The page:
Cervical cancer is the most common cancer in women under 35. Every year in the UK, approximately 3,000 women are diagnosed with cervical cancer and 1,000 women lose their lives to the disease despite the fact that it is one of the few cancers that is preventable – pre-cancerous cell changes in the cervix (neck of the womb) can be detected during cervical screening before they develop into cancer. In addition, girls aged 12-13 are offered a vaccine against HPV (human papilloma virus), which is a family of viruses that can cause a range of conditions from low-risk conditions (warts and verrucas) to high-risk and sometimes symptomless conditions, which can ultimately lead to the development of cervical cancer.
Some factors (risk factors) increase the odds of developing particular types of cancer, including the following for cervical cancer:
- The human papilloma virus (HPV), which is a very common virus that normally disappears on its own but, in some cases, may become chronic. The routine cervical screening procedure checks for changes to the cervical cells caused by the HPV virus.
- Smoking – women who smoke are twice as likely to develop cervical cancer as non-smokers.
- Chlamydia infection, which often causes no symptoms in women and would only be detected during a woman’s routine pelvic examination.
- Family history of cervical cancer.
- Diet – women with diets low in fruits and vegetables may be at increased risk of cervical cancer.
- Weight – overweight women are more likely to develop adenocarcinoma of the cervix (one of the most common types of cervical cancer).
Whist cervical cancer isn’t a cancer that is thought to be connected to workplace hazards (unlike lung cancer, which, for example, is often associated with coming into contact with asbestos at work), the list of risk factors above suggests that a number of lifestyle factors have a part to play in the risk of developing cancer of the cervix.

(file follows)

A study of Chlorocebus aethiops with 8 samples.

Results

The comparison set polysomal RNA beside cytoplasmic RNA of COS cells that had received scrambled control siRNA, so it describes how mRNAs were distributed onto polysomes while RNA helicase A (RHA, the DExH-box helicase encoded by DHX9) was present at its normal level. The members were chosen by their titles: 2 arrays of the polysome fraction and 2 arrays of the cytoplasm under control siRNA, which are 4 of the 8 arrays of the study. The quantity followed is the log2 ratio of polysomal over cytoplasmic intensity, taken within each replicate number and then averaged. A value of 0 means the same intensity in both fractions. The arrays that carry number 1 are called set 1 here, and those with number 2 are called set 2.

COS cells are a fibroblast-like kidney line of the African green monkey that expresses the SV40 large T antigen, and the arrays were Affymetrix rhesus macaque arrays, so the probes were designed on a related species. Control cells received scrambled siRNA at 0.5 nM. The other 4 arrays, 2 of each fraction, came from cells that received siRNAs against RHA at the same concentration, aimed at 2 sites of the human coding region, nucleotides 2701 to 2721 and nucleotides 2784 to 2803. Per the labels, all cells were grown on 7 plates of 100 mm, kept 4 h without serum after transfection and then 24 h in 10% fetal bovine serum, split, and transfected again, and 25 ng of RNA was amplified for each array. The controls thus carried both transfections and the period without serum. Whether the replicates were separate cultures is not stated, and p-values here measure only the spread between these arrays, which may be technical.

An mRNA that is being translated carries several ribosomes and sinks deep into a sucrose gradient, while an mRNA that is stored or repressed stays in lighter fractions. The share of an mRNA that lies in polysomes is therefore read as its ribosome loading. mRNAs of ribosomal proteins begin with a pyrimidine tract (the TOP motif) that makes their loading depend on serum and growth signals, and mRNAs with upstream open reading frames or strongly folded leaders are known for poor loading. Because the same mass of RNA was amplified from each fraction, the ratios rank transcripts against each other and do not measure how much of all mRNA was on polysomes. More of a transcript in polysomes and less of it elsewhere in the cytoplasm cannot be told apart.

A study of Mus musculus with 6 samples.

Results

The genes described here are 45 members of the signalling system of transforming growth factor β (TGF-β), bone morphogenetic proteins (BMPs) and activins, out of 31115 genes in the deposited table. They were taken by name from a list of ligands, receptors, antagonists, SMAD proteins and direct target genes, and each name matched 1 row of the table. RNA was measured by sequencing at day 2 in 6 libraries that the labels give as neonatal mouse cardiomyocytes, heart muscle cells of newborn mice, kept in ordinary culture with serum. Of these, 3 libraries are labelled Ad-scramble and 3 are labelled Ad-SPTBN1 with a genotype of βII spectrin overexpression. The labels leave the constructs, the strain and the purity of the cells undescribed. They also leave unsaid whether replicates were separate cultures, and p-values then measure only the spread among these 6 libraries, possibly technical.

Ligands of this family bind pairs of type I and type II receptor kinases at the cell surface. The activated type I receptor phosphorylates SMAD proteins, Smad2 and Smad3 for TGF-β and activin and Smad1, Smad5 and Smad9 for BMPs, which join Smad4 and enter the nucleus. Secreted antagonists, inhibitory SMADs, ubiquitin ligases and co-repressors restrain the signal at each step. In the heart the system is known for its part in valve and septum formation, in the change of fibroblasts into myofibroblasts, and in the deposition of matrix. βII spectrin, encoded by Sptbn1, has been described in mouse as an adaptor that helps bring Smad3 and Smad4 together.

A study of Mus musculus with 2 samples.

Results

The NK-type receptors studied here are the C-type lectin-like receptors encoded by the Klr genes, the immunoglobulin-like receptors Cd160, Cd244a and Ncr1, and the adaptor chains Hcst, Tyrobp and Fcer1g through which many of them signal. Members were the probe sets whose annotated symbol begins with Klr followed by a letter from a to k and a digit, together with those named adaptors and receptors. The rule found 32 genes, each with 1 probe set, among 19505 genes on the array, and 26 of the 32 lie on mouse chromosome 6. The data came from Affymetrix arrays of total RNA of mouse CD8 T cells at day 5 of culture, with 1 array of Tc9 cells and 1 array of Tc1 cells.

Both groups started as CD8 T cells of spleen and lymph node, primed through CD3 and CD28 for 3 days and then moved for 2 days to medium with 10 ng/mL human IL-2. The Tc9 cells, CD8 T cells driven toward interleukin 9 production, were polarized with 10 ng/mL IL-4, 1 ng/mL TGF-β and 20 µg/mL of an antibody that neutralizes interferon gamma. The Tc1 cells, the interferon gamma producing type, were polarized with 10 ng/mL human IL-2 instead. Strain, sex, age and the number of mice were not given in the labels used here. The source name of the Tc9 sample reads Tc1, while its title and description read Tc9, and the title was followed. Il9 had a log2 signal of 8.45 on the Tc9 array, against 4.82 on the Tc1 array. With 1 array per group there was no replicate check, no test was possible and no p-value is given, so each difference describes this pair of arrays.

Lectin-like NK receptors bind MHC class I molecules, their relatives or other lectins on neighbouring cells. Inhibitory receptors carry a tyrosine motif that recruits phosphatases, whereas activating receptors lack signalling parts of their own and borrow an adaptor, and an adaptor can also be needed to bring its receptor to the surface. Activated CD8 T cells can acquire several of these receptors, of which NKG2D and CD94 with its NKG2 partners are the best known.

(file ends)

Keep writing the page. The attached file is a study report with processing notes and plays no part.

Undoubtedly, employees’ general health is important to organisations (healthy staff are a crucial business asset). Having said that, however, employers can only go so far in terms of trying to positively change employees’ lifestyles without risking causing offence. However, gently promoting good health practices may help employees keep themselves fit, healthy and productive, for example:
- encouraging employees to adopt a healthy lifestyle (e.g. giving up smoking, which is a risk factor in many cancers including cervical cancer, or getting staff involved in organising recreational sporting events);
- ensuring that healthy food and drink options are available in the workplace;
- showing an interest in employee health and being approachable should staff have issues to discuss.
For more information on adopting a healthy lifestyle both in and out of workplace, explore the blogs and guides on the Fit for Work website or call the free advice line on 0800 032 6235.